By Syd Hickman - posted Thursday, 18 February 2016

Recent global financial turmoil has raised the question – is this the great collapse or just another downturn?

Media 'experts' advise that 'the fundamentals are sound', or 'this is a great buying opportunity', or 'just hold your nerve', presumably on the scientific basis that whatever goes down must come up. Others worry about global debt levels, the state of capitalism and other problems.

The essential difference is one of viewpoint. The small Australian picture looks fine, while the big picture shows disaster. But in a globalised world the big picture dominates. Here are six issues to consider.


1. Central bankers have been propping up the global economy by creating trillions of new dollars every year and keeping interest rates around zero or even negative. As critics have pointed out, all that has happened as a result of this massive money creation is a lift in the value of assets, such as shares and property.

This policy only makes sense when we remember that though the current level of global debt can't possibly be repaid, (it was around $200 trillion in 2014, or roughly three time global GDP) even with a reasonably strong economy, while markets were buoyant it has still been possible for us to delude ourselves that it will all work out eventually. Keeping asset prices up has been vital to maintaining the entire system.

But now central bank action seems to have lost a lot of its effect. Asset prices are dropping. The Japanese and EU banks have cut interest rates to negative and their currencies have gone up. Established theory no longer works.

2. Another basic problem is that capital is no longer as important as it once was.

Returns on money are now extremely low because supply is ridiculously high and demand is low. It flows into assets because there is nowhere else for it to go. There is no 'best wealth creating option' for it to be allocated to. All that is left is gambling on future price movements, based more on political than economic judgements.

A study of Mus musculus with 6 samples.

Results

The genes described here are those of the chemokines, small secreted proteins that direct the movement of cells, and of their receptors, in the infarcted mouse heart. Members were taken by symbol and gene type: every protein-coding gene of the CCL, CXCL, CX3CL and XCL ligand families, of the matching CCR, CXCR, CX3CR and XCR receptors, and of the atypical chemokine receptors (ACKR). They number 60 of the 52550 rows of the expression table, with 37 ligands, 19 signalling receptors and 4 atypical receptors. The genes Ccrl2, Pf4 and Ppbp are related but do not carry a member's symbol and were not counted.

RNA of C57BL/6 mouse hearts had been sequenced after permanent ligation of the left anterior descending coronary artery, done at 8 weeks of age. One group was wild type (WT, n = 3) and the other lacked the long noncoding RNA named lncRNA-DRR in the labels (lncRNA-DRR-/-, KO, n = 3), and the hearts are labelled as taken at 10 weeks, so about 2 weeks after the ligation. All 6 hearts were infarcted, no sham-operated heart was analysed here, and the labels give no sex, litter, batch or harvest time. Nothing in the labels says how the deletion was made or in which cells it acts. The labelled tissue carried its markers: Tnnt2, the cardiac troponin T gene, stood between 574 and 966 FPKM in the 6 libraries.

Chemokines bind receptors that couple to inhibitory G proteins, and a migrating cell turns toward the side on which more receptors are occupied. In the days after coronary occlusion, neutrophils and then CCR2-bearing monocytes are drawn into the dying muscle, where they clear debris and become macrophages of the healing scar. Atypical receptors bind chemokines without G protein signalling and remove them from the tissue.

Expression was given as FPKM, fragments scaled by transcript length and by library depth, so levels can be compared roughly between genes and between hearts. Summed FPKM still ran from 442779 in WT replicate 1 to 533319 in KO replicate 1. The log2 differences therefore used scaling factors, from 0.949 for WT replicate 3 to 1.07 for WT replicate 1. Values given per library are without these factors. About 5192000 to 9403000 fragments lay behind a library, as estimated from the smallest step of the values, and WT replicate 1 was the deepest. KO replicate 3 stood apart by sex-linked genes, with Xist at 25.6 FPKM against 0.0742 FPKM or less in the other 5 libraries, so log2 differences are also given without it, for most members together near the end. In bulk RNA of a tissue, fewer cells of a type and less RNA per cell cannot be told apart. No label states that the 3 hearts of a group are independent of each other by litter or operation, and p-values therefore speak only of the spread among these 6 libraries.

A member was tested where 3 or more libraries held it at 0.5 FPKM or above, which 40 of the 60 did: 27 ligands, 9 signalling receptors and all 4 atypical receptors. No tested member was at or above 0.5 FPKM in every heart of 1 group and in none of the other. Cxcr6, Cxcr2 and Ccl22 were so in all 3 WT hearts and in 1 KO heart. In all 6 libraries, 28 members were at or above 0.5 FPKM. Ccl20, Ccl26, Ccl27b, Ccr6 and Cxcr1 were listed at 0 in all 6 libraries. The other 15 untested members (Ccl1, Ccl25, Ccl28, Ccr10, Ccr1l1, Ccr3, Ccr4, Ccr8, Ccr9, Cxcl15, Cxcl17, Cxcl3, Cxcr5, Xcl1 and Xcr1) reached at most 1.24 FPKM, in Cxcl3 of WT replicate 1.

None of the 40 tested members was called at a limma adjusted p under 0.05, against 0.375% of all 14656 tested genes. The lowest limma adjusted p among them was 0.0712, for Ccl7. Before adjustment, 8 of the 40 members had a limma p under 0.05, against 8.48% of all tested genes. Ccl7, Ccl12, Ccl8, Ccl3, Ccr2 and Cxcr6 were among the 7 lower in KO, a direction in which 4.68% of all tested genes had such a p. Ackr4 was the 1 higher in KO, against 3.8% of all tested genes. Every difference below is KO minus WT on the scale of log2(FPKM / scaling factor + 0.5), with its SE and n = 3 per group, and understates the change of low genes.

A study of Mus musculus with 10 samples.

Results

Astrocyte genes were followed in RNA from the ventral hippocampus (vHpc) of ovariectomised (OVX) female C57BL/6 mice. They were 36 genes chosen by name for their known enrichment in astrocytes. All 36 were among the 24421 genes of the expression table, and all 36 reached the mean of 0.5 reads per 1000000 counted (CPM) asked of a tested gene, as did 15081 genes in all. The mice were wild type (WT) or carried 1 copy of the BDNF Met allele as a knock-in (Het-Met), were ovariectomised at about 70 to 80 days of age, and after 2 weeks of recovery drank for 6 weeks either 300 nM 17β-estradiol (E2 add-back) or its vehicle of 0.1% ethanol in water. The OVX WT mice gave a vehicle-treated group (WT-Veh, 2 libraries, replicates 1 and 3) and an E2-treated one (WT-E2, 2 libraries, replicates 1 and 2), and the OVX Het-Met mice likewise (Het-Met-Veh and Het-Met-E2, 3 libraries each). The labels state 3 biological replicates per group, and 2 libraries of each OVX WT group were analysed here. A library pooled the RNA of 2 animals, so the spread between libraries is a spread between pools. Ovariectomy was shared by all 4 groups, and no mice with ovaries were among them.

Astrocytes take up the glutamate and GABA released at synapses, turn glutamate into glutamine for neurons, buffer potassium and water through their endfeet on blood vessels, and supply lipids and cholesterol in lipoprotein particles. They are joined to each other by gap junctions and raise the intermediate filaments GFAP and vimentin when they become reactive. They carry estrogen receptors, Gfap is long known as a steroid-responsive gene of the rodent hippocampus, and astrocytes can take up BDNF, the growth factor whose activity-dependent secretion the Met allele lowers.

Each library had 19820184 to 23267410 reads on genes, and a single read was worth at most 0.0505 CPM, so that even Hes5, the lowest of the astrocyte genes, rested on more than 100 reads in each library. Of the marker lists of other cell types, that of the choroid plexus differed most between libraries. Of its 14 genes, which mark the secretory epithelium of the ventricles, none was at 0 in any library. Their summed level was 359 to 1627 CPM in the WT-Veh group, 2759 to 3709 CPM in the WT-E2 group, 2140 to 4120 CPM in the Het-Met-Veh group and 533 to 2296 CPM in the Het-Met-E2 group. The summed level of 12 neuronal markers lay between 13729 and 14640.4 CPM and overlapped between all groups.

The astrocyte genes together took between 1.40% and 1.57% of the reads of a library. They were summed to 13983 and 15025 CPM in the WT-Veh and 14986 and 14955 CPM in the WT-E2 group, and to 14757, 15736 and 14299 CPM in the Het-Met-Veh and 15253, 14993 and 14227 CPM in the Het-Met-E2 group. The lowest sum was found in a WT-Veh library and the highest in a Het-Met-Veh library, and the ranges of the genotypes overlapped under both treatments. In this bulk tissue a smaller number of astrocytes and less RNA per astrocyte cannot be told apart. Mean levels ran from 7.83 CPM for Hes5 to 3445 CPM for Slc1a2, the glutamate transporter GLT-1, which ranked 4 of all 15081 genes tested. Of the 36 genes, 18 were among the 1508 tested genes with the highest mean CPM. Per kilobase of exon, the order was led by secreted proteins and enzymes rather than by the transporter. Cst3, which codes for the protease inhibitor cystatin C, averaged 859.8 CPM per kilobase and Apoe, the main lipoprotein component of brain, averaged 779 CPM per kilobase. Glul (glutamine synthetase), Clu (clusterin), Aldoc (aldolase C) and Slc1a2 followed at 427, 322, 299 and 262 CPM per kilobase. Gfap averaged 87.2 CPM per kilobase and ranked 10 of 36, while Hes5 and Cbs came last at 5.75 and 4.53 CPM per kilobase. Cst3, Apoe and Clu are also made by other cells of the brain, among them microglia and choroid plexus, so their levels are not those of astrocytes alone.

The huge new IT companies, like Apple, did not need much capital to get started and now have enormous reserves. The assets they actually own are insignificant, apart from the intellectual property which is their real source of wealth. Any capital raisings these companies indulge in are generally for tax minimisation strategies.


But it is not just an IT sector problem. Most industry sectors are now global oligopolies competing fiercely on the intellectual property margins. In the car industry Toyota spends around $US8 billion per year on research and development. The price or availability of capital is the least of their worries.

3. Since 2008 US banks that were then too big to fail have grown even larger, due to government intervention, and are now too big to save. The amounts of money governments would have to create to prop them up again are so stupendously large, piled on top of already huge debts, that the financial system would lose all credibility.

National governments could legislate to split banks so that gambling activities (known as investment banking) are separated from financial management. But many banks in leading nations are so fragile, and indeed only surviving on illusions, that to make their real financial positions clear in any split or divestment would result in immediate collapse.


Syd Hickman has worked as a school teacher, soldier, Commonwealth and State public servant, on the staff of a Premier, as chief of Staff to a Federal Minister and leader of the Opposition, and has survived for more than a decade in the small business world.